Home Truths: An island that's easier bought than Greenland
The big view on Ireland's property market
Give a big real estate guy with a giant ego the top job on the planet and it's only natural that his site acquisition proposals will become considerably more ambitious.
Should we be surprised that US President Donald Trump, a lifelong real estate bug, who has spent years acquiring top sites in big cities to build enormous Trump Towers or hotels, has now attempted to buy Greenland, the largest island on the planet? And with a cool 60,000 Greenlanders (very cool) thrown in?
Trump subsequently cancelled a visit to Denmark because the Danes snubbed his offer for this very promising piece of development real estate. The Donald likely thinks they're just playing hard to get. History tells him they have form.
Another reason we shouldn't be surprised is that US presidents have bought countries, bits of them, and provinces and states; on a regular basis since the foundation of the United States itself. In fact most of the United States has been bought by the United States; through land deals done by different presidents.
In 1803, the Americans noticed that Napoleon Bonaparte was looking about for the cash to fund an enormous seaborne invasion of Britain. So an expansive President Thomas Jefferson sent James Monroe to wheel and deal. The latter offered the dictator $15m for all of French North America. Napoleon readily agreed, and the US bought Omaha, Montana, South Dakota, Nebraska, Kansas, and Louisiana as well as the bits they were missing of Minnesota, North Dakota, Wyoming and Colorado. In all, an extra 828,000 square miles. Allez Jefferson!
Later Monroe himself became president and got his real estate nose into Spain, badgering it to sell Florida.
Spain (like Denmark) was sniffy at first, until 1819, when it discovered it was broke thanks to wars with Napoleon (presumably spending his American loot as he never got that British trip going). Florida was proving too expensive to administer and protect for Spain, not least because soldiers like future president Andrew Jackson (then a general) kept making blatant military incursions into it. So Monroe upped the ante to $5m and Spain shook on it. Another 65,000 square miles or so in the bag. Olé!
President Andrew Johnson, who began reconstruction after the devastating American Civil War, thought it might be nice to extend the place again while he was at it. So in 1867 he asked Secretary of State William H Seward to look into buying Alaska.
Over in Russia (which owned Alaska), Tsar Alexander was looking into developing a vast railway network. Russian America, as it was then called, and populated by Siberian fur hunters and Inuits, was unwieldy and costly to manage. The Russians also feared defending it against Britain, installed next door in Canada.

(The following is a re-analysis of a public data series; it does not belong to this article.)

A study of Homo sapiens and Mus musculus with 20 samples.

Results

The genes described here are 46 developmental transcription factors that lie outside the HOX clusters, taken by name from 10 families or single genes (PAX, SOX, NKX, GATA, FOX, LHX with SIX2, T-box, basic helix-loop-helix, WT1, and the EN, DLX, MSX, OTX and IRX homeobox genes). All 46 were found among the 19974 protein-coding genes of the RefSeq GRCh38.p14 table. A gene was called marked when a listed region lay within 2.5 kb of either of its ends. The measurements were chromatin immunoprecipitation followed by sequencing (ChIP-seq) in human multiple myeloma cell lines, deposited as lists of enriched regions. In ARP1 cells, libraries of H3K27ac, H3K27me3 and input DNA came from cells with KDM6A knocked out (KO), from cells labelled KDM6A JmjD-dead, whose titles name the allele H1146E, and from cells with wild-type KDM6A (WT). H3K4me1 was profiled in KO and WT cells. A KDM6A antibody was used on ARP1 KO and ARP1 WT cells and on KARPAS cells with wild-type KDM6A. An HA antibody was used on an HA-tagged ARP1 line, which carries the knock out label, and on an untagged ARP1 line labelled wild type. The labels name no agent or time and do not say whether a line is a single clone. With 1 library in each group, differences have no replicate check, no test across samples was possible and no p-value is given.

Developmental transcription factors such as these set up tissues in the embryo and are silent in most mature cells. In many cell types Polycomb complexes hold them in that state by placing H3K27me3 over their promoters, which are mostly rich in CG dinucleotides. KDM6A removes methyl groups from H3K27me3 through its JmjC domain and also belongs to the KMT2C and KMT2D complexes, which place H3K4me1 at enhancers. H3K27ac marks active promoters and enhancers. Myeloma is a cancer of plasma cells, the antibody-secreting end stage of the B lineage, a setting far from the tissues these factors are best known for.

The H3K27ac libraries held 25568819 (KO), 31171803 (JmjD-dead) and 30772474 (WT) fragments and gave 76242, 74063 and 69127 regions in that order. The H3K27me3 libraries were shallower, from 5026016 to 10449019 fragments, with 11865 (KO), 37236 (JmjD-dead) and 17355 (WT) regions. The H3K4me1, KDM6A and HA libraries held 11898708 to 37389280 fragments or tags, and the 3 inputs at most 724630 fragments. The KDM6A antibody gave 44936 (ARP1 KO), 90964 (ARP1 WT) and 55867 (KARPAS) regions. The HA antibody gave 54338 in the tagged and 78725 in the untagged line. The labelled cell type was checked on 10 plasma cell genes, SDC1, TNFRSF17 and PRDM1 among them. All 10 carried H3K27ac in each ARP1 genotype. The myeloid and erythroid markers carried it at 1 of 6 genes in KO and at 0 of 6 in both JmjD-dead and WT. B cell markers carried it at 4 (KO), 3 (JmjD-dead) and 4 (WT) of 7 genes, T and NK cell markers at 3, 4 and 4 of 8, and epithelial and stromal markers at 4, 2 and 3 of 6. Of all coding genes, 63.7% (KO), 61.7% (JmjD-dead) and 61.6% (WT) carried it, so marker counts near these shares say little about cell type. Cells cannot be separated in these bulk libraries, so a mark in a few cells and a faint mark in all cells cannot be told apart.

Secretary Seward offered $7.2m and the Russians bit his arm off. Another half a million square miles. Soon afterwards gold was discovered in commercial deposits and later vast oil reserves. Prudhoe Bay is still the largest oil field in North America. So a good deal for President Johnson, niet?
These can be added to California, Texas, Arizona and Nevada (500,000 square miles), annexed after the US started a war with Mexico and smashed the place up in 1848, likely because the Mexicans wouldn't sell. The Americans then went back to the Mexicans to buy remaining bits of Arizona and New Mexico they wanted for $10m. It was an offer Mexico couldn't refuse. Olé again!
And if the Danes seem insulted at President Trump's recent Greenland for greenbacks proposal, we should point out they have previous form selling international real estate (with population).
From the 1850s they were approached by both Americans and the Germans over the Danish East Indies. Secretary of State Robert Lansing dived in first to shake hands with the Danes in 1917 for $25m, on what is now the American Virgin Islands. Dane deal!
Where the US hasn't bought, it leased. It pays rent of $4,000 per annum for the 40 square miles of Guantanamo Bay, the US base and detention centre in the south of Cuba. The lease was initiated in 1903 and renewed in 1934 with a stipulation it can't be terminated without the consent of both sides. The Cubans aren't happy. They don't cash the rent cheque. But the US has its navy base. Ay Caramba!
In 1946, President Truman asked the Danes if they'd go again for Greenland for $100m. But the Danes didn't bite and Truman didn't up the offer.
In America's most recent Greenland punt The Donald had his beady eye on the Chinese who have been investing there, and indeed in all parts of the world at pace and may be matching the historic American record for land purchase, albeit on a more piecemeal basis.
Last year a Bloomberg report estimated that the Chinese have invested $318bn in Europe in 10 years. They acquired a dozen key office tower blocks in London's commercial centre. Across Europe they have bought four airports, six sea ports and 13 professional soccer teams (!). Knight Frank estimates that 43pc of all non-local residential property purchases in London in 2018 were made by Chinese or Hong Kong buyers.
But here in Ireland, it is still the Americans who are most active with the real estate cheque books. A 2016 survey showed how foreign firms were buying 70pc of Irish commercial property and last year it was revealed that one third of all Irish new homes are being bought by overseas firms, largely American funds.
This situation has been enabled by our Government's legislative changes to facilitate build-to-let blocks for funds along with a free tax ride. Trump didn't even have to make an offer. Because unlike Greenland, Ireland is an island that is far more easily bought.